An investigative team at the Boston Globe uncovers a cover-up surrounding child molestation within the Catholic Church in Spotlight. Spotlight is an investigative section of the Boston Globe headed up by Walter ‘Robby’ Robinson (Michael Keaton) and his team of Mike Rezendes (Mark Ruffalo), Sacha Pfeiffer (Rachel McAdams), and Matt Carroll (Brian d’Arcy James). The Globe’s new editor-in-chief Marty Baron (Liev Schreiber) asks the Spotlight team to follow-up on a story about a Catholic priest charged with child molestation and the investigation reveals a cover-up that has been going back decades.
Spotlight is a film that goes back nearly fifteen years to the time when the Boston Globe uncovered the child molestation cover-up within the Catholic Church. This was an enormous scandal, which is still felt in some ways today. Even though I was raised Catholic and still make an effort to go to church, the revelations made in this scandal is enough to shake up my faith a bit. However, there is a character in the film, who mentions the difference between the Church as an institution and the Catholic faith as a whole, with the former being a very scary entity.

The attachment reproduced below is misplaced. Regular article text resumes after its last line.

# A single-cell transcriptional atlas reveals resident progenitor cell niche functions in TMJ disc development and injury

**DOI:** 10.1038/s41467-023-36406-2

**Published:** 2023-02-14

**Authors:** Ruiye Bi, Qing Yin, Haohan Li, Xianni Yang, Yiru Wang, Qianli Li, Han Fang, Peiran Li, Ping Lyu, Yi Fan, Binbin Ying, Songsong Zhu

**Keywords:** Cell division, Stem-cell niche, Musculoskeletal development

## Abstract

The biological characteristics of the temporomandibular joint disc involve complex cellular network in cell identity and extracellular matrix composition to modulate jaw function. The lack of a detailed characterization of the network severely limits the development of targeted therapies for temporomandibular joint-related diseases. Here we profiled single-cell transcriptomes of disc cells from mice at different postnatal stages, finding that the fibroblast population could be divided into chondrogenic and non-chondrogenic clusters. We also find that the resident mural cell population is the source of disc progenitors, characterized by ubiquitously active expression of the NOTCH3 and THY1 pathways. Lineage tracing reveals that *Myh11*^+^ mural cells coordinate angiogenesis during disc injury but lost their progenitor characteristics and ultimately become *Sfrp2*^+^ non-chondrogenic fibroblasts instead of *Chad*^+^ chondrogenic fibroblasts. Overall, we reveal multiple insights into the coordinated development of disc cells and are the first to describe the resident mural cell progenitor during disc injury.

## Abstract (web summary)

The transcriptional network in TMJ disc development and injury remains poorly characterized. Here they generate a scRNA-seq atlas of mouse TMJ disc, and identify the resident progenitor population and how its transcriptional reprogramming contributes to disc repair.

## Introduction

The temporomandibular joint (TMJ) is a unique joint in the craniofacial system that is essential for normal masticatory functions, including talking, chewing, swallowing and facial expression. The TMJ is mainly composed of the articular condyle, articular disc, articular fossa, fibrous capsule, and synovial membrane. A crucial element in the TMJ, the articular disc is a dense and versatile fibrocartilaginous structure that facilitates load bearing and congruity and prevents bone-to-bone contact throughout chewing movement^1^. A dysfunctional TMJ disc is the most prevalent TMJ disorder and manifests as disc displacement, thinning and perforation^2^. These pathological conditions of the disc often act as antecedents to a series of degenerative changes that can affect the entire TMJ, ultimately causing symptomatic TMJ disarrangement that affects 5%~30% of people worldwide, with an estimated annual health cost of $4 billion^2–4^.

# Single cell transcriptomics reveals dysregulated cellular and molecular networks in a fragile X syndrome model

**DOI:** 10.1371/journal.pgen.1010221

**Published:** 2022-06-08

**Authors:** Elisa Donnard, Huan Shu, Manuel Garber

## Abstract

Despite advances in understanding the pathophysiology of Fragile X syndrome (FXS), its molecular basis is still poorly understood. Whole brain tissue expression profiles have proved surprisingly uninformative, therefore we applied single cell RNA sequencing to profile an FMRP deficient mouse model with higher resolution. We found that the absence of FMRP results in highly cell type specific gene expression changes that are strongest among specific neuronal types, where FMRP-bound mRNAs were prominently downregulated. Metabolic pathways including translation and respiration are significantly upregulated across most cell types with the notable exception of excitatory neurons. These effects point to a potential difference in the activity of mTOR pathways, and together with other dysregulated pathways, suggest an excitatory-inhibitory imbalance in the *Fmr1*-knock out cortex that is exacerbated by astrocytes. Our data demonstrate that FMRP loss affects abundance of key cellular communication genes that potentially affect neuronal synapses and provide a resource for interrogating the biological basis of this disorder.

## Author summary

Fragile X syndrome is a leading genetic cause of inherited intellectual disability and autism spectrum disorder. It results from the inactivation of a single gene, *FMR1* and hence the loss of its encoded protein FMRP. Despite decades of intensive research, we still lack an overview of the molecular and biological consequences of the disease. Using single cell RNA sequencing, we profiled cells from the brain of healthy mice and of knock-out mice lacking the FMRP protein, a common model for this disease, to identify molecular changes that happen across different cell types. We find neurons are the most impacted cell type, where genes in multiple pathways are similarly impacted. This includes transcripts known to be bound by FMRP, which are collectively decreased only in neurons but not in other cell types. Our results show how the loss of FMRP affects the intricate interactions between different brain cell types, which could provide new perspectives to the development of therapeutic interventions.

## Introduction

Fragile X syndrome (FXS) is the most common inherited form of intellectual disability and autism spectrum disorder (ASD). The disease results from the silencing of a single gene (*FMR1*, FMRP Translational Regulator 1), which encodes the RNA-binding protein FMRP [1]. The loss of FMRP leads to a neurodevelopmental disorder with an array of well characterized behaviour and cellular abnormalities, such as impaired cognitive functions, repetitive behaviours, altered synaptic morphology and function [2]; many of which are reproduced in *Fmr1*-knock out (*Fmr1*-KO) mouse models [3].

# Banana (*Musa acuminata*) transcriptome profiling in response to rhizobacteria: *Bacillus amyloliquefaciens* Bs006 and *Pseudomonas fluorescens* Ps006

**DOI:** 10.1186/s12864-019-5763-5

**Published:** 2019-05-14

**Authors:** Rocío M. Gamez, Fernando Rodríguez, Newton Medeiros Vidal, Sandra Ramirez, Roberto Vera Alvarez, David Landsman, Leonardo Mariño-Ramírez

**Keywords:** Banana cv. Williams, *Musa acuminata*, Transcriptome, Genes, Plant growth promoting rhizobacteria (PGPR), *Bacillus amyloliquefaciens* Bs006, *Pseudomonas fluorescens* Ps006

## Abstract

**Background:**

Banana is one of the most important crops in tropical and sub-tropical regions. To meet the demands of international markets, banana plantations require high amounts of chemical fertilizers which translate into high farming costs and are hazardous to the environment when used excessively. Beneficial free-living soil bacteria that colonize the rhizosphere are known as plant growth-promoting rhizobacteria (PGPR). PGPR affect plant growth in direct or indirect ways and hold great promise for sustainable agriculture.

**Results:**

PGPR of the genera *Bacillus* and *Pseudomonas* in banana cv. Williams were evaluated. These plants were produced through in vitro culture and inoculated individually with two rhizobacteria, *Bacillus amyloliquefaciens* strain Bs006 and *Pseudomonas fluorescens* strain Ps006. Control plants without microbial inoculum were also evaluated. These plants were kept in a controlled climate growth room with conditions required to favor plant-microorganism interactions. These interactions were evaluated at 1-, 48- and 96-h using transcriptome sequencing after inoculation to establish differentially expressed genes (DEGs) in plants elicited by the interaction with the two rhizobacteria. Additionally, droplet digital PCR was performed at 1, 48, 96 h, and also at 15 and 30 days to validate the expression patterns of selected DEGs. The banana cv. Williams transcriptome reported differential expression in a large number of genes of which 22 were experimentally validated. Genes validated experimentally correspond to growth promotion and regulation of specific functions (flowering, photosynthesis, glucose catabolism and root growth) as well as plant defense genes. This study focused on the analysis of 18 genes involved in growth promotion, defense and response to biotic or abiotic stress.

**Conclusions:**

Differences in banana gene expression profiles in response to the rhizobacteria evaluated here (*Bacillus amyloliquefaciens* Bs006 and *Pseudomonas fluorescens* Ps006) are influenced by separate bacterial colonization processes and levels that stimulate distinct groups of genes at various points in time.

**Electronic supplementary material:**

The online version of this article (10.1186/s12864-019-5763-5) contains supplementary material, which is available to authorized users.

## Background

It can be argued that Spotlight is less about the Catholic Church scandal itself and more about the investigation that went into uncovering it. This whole story started with one priest and it expanded to uncover a mass cover-up that went back at least 30 years. The various players in this case include prosecutor Mitchell Garabedian (Stanley Tucci), who is greatly bothered by these cases, and smug defense attorney Eric Macleish (Billy Crudup), who is accused of “turning child abuse into a cottage industry.” One of the most important sources in the film comes in the form of merely a voice on the telephone (voiced by Richard Jenkins), who reveals exactly how far back this scandal goes.
Spotlight a film that makes you sad about how rough a time newspapers are having right now, with many traditional news sources being replaced by the internet. There is just something so enticing about seeing these reporters conduct countless interviews and spend hours in the library trying to put all the pieces together. Even if you already know how all this investigation is going to turn out, it is still great to watch the film as various revelations are made about this story. Then the icing on the cake are the intertitles at the end up the film, which reveals exactly how deep this cover-up went.
When it all comes down to it, Spotlight is a film about good old fashioned journalism and how it can uncover one hell of story. Even if the sensitive subject matter bothers you, I would highly recommend checking out this film and seeing all the pieces of this scandal come into place.